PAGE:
Justice SystemCrime, Law and JusticeJerry SanduskyThe Pennsylvania State UniversityMike McQuearyJohn ClelandGary Schultz

UPDATE: Just hours before a pre-trial motions hearing in the Jerry Sandusky case, defense attorney Joe Amendola has filed a motion asking the judge in the case for a continuance. In a 13 page motion, Amendola sites new evidence, lack of compliance from the 40 subpoenas sent to get more information and some unavailable and unwilling witnesses. He has not specifically asked Judge John Cleland for an amount of time or date for the delay.

The latest motion states that the defense has sent out 40 subpoenas to gather information from a variety of sources and has only gotten some responses. On top of the subpoenas, the prosecution has handed over 100 pages or more, including 9 CDs of information that the defense will have to comb through before trial. Amendola says he is waiting on a response from several subpoenas.

Another problem for Amendola, the lack of willing testimony from former Athletic Director Tim Curley and University Vice-President Gary Schultz. The motion says that both will plead the Fifth if they are called to testify in the Sandusky trial. That case will probably not take place until the winter time.

This motion for a continuance is expected to be heard during today's hearing.

Original Story:

Attorneys in the Jerry Sandusky case are heading back to court today to argue over evidence ahead of the June trial. The defense is looking for more information to prepare for that trial. The prosecution is trying to limit how much information is gathered.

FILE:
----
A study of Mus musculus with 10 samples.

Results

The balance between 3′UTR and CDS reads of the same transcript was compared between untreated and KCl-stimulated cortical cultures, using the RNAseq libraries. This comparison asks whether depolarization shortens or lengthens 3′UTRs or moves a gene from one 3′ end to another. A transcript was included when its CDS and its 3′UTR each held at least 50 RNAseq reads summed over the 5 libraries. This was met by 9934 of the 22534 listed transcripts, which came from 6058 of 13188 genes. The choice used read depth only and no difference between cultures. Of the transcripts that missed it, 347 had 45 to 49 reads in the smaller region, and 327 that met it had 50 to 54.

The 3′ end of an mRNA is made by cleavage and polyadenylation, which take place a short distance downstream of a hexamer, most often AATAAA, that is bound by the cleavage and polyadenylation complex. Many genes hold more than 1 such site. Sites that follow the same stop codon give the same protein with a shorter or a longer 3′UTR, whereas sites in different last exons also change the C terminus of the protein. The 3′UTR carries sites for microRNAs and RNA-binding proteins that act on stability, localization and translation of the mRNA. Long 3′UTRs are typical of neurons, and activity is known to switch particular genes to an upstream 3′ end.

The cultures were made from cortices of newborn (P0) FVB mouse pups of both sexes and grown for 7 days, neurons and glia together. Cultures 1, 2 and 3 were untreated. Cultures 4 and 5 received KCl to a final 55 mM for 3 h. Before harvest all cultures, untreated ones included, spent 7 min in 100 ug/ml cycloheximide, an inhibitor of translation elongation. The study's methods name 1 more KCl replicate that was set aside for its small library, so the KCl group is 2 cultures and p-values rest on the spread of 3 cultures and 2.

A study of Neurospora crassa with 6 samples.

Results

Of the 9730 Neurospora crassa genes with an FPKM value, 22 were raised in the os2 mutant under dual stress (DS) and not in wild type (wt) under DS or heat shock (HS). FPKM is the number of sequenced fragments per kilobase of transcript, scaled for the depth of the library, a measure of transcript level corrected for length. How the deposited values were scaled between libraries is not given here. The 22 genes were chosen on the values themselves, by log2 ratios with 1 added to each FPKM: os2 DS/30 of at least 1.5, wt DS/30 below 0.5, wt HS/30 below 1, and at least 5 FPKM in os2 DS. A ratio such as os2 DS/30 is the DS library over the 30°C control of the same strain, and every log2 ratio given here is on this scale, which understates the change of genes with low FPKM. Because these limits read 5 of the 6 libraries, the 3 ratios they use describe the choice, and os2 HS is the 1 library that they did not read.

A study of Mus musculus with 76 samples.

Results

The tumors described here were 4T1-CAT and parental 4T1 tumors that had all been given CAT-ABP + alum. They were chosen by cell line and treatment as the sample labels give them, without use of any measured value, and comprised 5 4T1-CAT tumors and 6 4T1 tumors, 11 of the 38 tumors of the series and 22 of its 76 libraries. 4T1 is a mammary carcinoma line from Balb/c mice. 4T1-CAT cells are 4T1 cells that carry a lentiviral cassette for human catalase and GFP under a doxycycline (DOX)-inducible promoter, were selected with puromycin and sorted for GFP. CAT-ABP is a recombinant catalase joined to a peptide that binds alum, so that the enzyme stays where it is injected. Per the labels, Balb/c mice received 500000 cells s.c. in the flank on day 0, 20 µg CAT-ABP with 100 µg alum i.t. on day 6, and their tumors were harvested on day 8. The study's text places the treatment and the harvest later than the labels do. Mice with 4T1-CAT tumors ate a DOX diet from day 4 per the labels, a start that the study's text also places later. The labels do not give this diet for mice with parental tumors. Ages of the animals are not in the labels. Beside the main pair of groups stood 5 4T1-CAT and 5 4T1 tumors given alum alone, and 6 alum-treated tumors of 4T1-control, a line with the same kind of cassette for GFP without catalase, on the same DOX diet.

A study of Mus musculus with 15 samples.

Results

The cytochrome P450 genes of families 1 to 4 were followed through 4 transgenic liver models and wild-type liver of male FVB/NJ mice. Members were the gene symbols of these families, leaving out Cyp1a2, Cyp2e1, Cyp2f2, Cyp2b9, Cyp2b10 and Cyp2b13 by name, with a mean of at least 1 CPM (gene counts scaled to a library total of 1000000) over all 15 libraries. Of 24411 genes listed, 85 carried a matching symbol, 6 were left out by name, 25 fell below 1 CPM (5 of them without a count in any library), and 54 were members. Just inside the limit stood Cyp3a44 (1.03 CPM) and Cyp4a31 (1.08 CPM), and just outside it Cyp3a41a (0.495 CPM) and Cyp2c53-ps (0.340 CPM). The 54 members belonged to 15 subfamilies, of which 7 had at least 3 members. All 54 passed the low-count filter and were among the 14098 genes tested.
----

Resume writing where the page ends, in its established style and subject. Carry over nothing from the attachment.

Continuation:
There is a mountain of evidence in this case and the defense is trying to gather as much as possible. Over just the past week, since the judge scheduled today's hearing, there have been 27 motions or orders filed. Today, the judge will hear from the two sides about evidence and how much should be turned over to the defense.

"This is a case with little evidence, physical evidence. This is a lot of he said, she said," legal analyst Steven Breit said.

Over the past month, Sandusky's defense has sent subpoenas to five government agencies, including Children and Youth Services, and three school districts.

Defense attorney Joe Amendola is asking for the evidence gathered over the past four years against the 68-year-old former Penn State assistant football coach.

The prosecution is arguing to quash most of these subpoenas because of concerns about privacy.

"Some may argue this is a fishing expedition. Let`s just go out there and throw a net and get all of this information. I think if you look at it in a vacuum, it`s very methodical, it`s thought out, and it`s relevant," Breit said.

Breit expects the judge to allow the defense access to most or all of these records. One of the subpoenas is even asking for information about victims 11 through 17. To date, Sandusky faces charges against only 10 victims.

The timeline of the case is also shifting. Star witness Mike McQueary, who says he saw Sandusky raping an unnamed victim in a Penn State locker room, says the event happened in 2001, not 2002. The judge and both sides agreed to change the date in the official paperwork. Breit says this could damage his credibility as a witness.

"One of the strongest pillars of that foundation is Mike McQueary. If that pillar crumbles, certain aspects of the case may join in and crumble as well," said Breit.

Sandusky is not expected to appear at today's hearing which is set for 1:30 pm at the Centre County Courthouse. The judge will probably rule in writing over the next several days.

Things will probably look a little different than in hearings past. The judge has issued a gag order in the case so we don't expect to hear from either sides after the hearing is finished.